Sylvan IPO weighed for foreign unit

Firm may spin off successful overseas schools division

Loss in 4Q is 2 cents a share

Sylvan Ventures unit continues to be drag on earnings

February 22, 2002|By Andrew Ratner | Andrew Ratner,SUN STAFF

Sylvan Learning Systems Inc., the Baltimore education services company, told investment analysts yesterday that it is moving closer to spinning off its growing division of international universities as a separate stock.

The company, meanwhile, reported losses for the fourth quarter and the year, largely related to losses in its venture-investing subsidiary.

Sylvan reported yesterday a net loss of $796,000 for the quarter that ended Dec. 31, compared with a gain of $14 million for the corresponding period in 2000. That translated to a loss of 2 cents a share compared with a gain of 38 cents a share in the fourth quarter of 2000.

Revenue was $137.4 million, up from $97.7 million in the year-earlier period.

Earnings per share in the fourth quarter, excluding Sylvan Ventures, were 24 cents, in line with the company's earlier guidance, and up from 18 cents for the fourth quarter in 2000.

For 2001, Sylvan reported a loss of $17.4 million, down from a gain of $305.2 million in 2000. That equated to a loss of 46 cents a share in 2001, compared with a gain of $7.02 a share in 2000.

Revenue was $484.8 million in 2001, an increase of 54 percent from $314.7 million in 2000. The loss from continuing operations was $17.4 million or 46 cents a share for 2001. That compared with a loss of $1.6 million, or 4 cents a share, in 2000.

Excluding Sylvan Ventures, earnings per share were 67 cents in 2001, up from 53 cents in 2000 and in line with analysts' expectations.

Sylvan officials said losses in Sylvan Ventures should shrink in the next few years because speculative acquisitions have slowed.

They also maintain - and analysts who follow the company generally concur - that last year's $35.5 million loss in Sylvan Ventures does not negate the long-term strength of the company's core businesses.

Revenues increased in the company's main service areas, including tutoring for children after school at roughly 900 centers in North America and Asia.

The company's greatest revenue gain came from its web of international universities. The company began acquiring higher-education institutions in Europe and Latin America in 1999.

Revenue for that subsidiary totaled $200.2 million in 2001, more than triple the total of $60.9 million in 2000.

The company recently added branch campuses to its universities in Chile and Mexico. It also is in discussion with officials in India about plans to break ground for an information technology school there, the first it would build from scratch anywhere.

"The international university business is the key growth driver for the company. Both revenue growth and profits were higher than expected," Jeffrey M. Silber, an analyst with Gerard Klauer Mattison in New York, said yesterday.

Douglas L. Becker, Sylvan's chairman and chief executive officer, told analysts that the company would like to spin off the international universities and a chain of English-language tutoring centers it owns in a public stock offering as early as this year.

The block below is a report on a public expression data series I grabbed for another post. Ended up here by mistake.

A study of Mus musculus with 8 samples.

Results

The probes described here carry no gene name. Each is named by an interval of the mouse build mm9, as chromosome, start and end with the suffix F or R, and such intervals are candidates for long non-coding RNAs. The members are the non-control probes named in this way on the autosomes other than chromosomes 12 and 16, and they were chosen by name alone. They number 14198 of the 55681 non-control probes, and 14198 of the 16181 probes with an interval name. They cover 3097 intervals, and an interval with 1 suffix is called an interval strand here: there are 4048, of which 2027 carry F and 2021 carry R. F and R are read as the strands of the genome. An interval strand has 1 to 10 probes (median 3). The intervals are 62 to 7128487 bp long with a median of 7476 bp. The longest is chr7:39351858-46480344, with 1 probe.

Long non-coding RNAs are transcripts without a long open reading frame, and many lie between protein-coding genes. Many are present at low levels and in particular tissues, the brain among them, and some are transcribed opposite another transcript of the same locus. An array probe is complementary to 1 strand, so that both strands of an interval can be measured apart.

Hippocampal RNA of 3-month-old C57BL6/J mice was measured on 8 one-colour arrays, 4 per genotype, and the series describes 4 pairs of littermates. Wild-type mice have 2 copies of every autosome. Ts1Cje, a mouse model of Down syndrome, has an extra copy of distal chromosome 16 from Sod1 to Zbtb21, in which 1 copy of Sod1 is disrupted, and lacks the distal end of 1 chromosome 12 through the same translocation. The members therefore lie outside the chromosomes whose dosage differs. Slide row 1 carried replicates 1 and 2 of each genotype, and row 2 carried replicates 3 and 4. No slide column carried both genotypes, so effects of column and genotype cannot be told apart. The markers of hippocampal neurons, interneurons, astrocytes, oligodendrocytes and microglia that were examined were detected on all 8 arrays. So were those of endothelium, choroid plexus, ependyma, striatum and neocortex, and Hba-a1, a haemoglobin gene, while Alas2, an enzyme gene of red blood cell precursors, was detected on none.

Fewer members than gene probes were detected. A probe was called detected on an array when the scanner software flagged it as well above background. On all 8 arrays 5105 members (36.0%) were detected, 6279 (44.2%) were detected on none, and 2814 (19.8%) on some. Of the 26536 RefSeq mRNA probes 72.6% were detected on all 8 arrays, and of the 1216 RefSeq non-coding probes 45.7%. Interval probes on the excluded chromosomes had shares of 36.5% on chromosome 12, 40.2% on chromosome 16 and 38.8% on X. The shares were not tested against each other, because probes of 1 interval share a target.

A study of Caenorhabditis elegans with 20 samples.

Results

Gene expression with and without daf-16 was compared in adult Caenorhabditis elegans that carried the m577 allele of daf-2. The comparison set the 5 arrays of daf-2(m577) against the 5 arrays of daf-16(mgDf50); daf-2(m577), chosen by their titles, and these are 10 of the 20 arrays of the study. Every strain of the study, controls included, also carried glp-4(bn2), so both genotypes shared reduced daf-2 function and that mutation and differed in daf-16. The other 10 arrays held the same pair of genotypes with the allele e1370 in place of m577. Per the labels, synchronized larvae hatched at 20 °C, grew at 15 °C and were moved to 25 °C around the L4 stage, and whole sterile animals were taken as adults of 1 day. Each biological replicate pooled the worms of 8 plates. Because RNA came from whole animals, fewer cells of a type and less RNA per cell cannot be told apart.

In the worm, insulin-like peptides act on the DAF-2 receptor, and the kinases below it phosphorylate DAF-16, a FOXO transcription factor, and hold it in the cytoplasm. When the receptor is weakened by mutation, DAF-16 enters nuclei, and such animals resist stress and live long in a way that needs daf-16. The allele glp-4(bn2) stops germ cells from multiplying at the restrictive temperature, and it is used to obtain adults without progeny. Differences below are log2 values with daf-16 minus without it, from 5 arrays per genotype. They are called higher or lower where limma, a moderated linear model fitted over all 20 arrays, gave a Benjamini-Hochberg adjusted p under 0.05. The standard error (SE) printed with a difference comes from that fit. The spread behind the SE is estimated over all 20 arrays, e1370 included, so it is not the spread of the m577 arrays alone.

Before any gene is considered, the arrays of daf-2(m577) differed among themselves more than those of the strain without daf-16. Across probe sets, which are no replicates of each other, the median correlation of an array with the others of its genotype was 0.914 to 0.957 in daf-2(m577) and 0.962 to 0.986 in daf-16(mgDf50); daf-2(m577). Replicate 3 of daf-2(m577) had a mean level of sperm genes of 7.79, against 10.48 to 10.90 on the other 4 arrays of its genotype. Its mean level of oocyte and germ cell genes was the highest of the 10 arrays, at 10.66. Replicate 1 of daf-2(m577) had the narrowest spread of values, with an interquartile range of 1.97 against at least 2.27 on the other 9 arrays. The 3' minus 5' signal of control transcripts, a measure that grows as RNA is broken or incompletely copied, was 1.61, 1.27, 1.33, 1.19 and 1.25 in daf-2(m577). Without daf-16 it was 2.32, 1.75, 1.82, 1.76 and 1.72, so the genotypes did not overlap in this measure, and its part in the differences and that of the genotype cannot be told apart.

Such action would need to gain approval by federal regulators.

Shares in less than 20%

If that happened, the company would probably offer shares in less than 20 percent of the new company.

Existing shareholders would retain more than 80 percent and eventually receive a share in the spinoff for every Sylvan share they own in a tax-free distribution.

The new company, with all but 40 employees based overseas, would remain in Baltimore, Becker said.

"It's something we're very seriously considering for this year," Becker said in an interview after a conference call with analysts.

Becker said he isn't troubled by the Sylvan Venture losses even though they weigh down his company's bottom line. Sylvan Venture's losses should dry up by 2003, he said.

Sylvan hopes in the long run that the subsidiary's wins, such as last fall's sale of a stake in Classwell Learning Group, an online company, for $24.7 million, outweigh losses, such as last summer's bankruptcy of Caliber Learning Network Inc., a corporate training company.

Sylvan Ventures also announced this week an investment of $8 million to assume majority control of Walden University, which offers graduate-level training online.

"Investors have clearly looked through that issue," Becker said of the venture losses. "The stock would be at 8 or 9 if investors didn't."

Sylvan's stock closed down 30 cents yesterday to $23.60 a share. That compares with a 52-week high of $28.99 in August and a 52-week low of $15.85 in April.

`Wait-and-see mode'

Trace Urdan of ThinkEquity Partners, a San Francisco firm that tracks education companies, said that analysts are in a "wait-and-see mode" on Sylvan Ventures' losses.

"By and large, investors look at the stock with venture losses excluded," Urdan said. "Sylvan sees the value in it more clearly than investors do, but if you look at what they've done well historically, it's to identify businesses. They're really building businesses there."

Sylvan's original business - tutoring at the grade-school level - is expected to gain a boost from President Bush's sweeping $26 billion plan for education reform.

Public school spending on outside tutoring, less than $70 million nationally, could balloon to $1 billion in a few years under the "No Child Left Behind" Act.

Parents whose children are in schools that fail to meet government standards for several years would have aid available for outside tutoring.

Said Becker, "That will add jet fuel to that business."